Fire alarm systems have gone through many changes over the years and are continuing to evolve at a fast rate. The original fire alarm systems were wired straight to the fire department! Gamewell’s original birdhouse fire alarms were located outside of the buildings on street corners. In comparison, today’s wireless fire alarm systems can communicate the exact location of a device through IP or Radio communications.
wired and wireless systems exist today, and they both have their proper applications.
Wired fire alarm systems consist of two types, conventional and addressable. Conventional systems require a facility to be divided into zones. When an alarm is triggered, the description at the fire alarm control panel is a general location.
In contrast, an addressable fire alarm system is also a “wired” system, but the devices are addressed and when they go into alarm, the description of the alarm can provide exact location of the device that is in alarm. With connection to a central station monitoring entity, the exact location of the device in alarm can be communicated to the responding emergency team.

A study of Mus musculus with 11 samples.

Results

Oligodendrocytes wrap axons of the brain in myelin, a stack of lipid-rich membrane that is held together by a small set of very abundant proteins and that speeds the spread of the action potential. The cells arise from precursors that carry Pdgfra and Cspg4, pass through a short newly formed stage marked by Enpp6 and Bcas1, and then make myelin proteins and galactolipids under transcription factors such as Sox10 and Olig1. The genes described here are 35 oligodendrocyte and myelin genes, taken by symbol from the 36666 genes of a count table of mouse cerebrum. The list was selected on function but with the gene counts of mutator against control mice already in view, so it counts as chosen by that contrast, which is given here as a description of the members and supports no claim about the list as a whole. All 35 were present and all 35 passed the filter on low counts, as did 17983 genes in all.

Wireless fire alarm systems use addressable system technology with two different wireless technologies:
- The first technology makes the smoke detectors and pull stations transmitters. A receiver or transmitter can be installed to transmit information long distances from the devices to the main control panel or main fire alarm control panel.
- The second technology makes every device capable of receiving and transmitting which can provide a redundant path back to the control panel. A router is installed to receive the communication from the wireless devices and is hard-wired back to the control panel.
In both instances, wireless devices are installed which receive their power from a battery.
Many end-users are beginning to move from Plain Old Telephone Service (POTS) lines to either Internet Protocol (IP) or Radio (cellular) communications. POTS lines are slowly becoming obsolete. Cellular communicators can be installed in many places to communicate the condition of your fire alarm panel to a central station. IP communicators can also be installed which require a network connection back to a router. Many homes and most business have a network within their facilities which makes it possible to install an IP communicator.
Fire alarm systems and their means of communicating back to responding emergency forces have changed over time. The industry has moved from conventional panels which required POTS lines to be installed, to wireless fire alarm networks that can use cellular communicators or the internet to provide the exact location of an alarm. New technology has made fire alarm systems and monitoring more capable and more flexible in providing solutions to the end-user.